In a departure from royal tradition, the Duke and Duchess of Sussex — otherwise known as Prince Harry and Meghan Markle — have decided to keep the details about their incoming baby’s birth on the down low. The decision was announced via an official statement. It read: “The Duke and Duchess look forward to sharing the exciting news with everyone once they have had an opportunity to celebrate privately as a family.” While Meghan has angered the press core by indicating that she probably won’t take part in the tradition of standing outside of the hospital wing in a gown and holding her baby (she is rumored to prefer a home birth) and therefore hurt the sale of first images, the new Royal offspring still maintain one particular tradition: making a ton of money for the British economy.
Royal babies are a big boon for the British economy. When Prince Louis Arthur Charles was born, the son of Prince William and Princess Kate’s mere presence had, within a week, generated somewhere between $70 and $125 million for the U.K. economy. It’s not like Prince Louis immediately jumped into doing #sponcon on Instagram. It’s simply that the royal brand — and the public infatuation with it — is simply that powerful. By wearing a posh sweater or cute shoes and appearing in photos, Louis makes money for UK brands and publications. There are calendars and commemorative magazines. There are sweaters and shoes. The same is true of the other recent royal children. Prince George earned about $3.6 billion for the British economy.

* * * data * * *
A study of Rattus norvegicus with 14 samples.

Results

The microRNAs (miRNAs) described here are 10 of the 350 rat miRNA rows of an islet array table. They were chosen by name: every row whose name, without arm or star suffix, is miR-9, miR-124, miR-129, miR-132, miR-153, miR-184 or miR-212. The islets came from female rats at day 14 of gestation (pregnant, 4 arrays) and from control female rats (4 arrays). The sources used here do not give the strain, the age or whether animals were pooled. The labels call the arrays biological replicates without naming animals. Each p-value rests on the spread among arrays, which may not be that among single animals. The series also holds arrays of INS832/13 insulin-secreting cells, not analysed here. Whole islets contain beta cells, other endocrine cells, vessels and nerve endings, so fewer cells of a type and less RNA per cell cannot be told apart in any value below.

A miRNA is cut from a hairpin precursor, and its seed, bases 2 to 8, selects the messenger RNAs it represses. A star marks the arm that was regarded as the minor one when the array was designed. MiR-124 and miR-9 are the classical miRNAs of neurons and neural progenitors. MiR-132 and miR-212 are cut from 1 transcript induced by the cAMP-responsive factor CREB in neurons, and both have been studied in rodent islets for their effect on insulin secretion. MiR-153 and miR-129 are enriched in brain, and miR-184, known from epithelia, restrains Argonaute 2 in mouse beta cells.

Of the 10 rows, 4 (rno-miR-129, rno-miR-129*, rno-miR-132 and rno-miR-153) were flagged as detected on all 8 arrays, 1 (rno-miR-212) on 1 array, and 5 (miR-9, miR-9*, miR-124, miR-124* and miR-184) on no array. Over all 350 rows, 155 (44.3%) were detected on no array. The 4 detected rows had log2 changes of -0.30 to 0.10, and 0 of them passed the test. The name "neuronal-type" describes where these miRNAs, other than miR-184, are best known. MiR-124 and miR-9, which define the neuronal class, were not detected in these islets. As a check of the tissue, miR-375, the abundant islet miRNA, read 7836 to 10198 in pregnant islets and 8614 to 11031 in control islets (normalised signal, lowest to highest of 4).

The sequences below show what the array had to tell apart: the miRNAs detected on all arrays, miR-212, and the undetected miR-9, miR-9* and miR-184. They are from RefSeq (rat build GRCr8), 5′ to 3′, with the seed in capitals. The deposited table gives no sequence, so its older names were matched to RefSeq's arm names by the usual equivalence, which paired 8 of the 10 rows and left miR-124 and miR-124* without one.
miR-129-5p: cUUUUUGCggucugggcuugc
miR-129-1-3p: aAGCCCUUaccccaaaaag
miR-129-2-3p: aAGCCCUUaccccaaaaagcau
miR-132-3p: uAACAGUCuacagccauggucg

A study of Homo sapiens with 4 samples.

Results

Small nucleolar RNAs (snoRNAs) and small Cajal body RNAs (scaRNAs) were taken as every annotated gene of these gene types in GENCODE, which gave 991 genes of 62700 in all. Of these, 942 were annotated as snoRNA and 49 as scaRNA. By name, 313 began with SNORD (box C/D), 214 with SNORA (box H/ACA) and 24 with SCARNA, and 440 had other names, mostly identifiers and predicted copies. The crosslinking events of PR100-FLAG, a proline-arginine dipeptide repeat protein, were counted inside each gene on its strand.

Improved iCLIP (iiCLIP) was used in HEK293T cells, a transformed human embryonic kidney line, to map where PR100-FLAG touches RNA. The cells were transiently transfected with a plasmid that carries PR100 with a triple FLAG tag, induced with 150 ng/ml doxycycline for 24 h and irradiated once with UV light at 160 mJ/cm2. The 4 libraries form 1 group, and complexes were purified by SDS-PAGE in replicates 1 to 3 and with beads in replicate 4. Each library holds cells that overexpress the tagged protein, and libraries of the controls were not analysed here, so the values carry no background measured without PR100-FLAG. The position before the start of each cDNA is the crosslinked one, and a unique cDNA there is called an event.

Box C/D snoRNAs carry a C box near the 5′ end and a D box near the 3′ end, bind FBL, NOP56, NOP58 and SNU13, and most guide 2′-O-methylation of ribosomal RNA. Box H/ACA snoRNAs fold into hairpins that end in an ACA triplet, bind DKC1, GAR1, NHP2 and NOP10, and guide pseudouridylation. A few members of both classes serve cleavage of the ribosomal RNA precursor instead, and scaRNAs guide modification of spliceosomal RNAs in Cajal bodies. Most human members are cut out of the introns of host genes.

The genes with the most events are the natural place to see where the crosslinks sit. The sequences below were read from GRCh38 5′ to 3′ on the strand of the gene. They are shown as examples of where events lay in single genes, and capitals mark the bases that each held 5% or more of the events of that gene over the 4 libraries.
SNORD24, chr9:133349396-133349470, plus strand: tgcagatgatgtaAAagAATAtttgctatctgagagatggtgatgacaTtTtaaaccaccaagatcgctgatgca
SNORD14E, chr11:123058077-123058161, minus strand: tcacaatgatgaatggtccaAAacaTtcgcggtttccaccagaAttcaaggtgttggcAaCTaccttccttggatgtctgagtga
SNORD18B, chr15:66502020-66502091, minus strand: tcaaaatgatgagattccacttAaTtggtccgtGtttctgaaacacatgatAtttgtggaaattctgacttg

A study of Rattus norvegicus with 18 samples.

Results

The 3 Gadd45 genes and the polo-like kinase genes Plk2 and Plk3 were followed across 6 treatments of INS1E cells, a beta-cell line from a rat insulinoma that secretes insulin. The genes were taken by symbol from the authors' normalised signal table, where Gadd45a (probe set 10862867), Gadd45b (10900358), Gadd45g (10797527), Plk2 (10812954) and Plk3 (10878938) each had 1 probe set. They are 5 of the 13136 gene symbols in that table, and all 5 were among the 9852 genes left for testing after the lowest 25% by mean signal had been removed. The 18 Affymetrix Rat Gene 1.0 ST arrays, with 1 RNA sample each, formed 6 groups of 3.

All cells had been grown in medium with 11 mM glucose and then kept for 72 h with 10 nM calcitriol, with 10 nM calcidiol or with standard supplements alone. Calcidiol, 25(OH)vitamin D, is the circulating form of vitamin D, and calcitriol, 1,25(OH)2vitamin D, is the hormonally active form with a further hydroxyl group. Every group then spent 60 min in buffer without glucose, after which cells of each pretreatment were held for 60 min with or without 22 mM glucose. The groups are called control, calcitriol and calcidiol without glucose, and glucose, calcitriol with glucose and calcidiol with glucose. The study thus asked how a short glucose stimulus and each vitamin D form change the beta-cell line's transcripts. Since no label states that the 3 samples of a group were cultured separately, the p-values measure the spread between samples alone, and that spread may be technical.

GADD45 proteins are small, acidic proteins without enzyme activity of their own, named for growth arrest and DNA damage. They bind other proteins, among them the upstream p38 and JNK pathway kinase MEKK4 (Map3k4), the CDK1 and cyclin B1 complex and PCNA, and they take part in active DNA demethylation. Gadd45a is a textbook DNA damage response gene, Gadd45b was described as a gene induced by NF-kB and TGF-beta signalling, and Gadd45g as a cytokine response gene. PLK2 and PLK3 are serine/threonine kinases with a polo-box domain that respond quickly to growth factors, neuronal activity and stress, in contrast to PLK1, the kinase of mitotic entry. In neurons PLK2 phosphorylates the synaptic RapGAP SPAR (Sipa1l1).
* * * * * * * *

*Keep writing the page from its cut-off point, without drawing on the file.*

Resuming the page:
Charlotte generated the most of all with a cool $5 billion. Economists refer to her economic staying power as the “Charlotte effect.” Yes, a toddler has an “effect.” When the royal Instagram account posted a photo of Charlotte in a certain sweater from John Lewis in honor of her second birthday, the sweater sold out in a matter of minutes. When Charlotte was revealed in a GH Hurt blanket, more than 100,000 unique visitors from over 180 different companies visited the website. Prince George has a bit of an effect, too. When the tiny royal first emerged from the hospital in Kate’s arms, swaddled in a baby blanket from Aden + Anais, 10,000 orders were placed for that blanket alone. The babies have power.
British publications and brands are very aware of this fact. When Harry and Meghan announced their intention to keep a very personal and private matter personal and private, publishers felt it worried about their wallets. In an unsigned letter published in The Sun, one of Britain’s most popular tabloids, a publisher responded that their reasonable right to privacy was infringing upon their “royal rights.”
“Keeping the nation in the dark over details, even after the birth, is a bad look for the royal couple,” the anonymous letter read. “The public has a right to know about the lives of those largely funded by their taxes. You can accept that, or be private citizens. Not both.” Taxpayers in the UK pay an estimated 88 cents per year per capita to support the royals’ lavish lifestyle.
While this is on a much larger scale, any new parents hounded by their family and friends to post photos of their baby to social media can certainly relate to what the Duke and Duchess of Sussex are going through. Still, no matter how long they keep their new baby’s arrival private, whenever the infant is revealed in a photo-op in a dashing swaddling blanket or sweater or hair bow, the money will certainly roll in.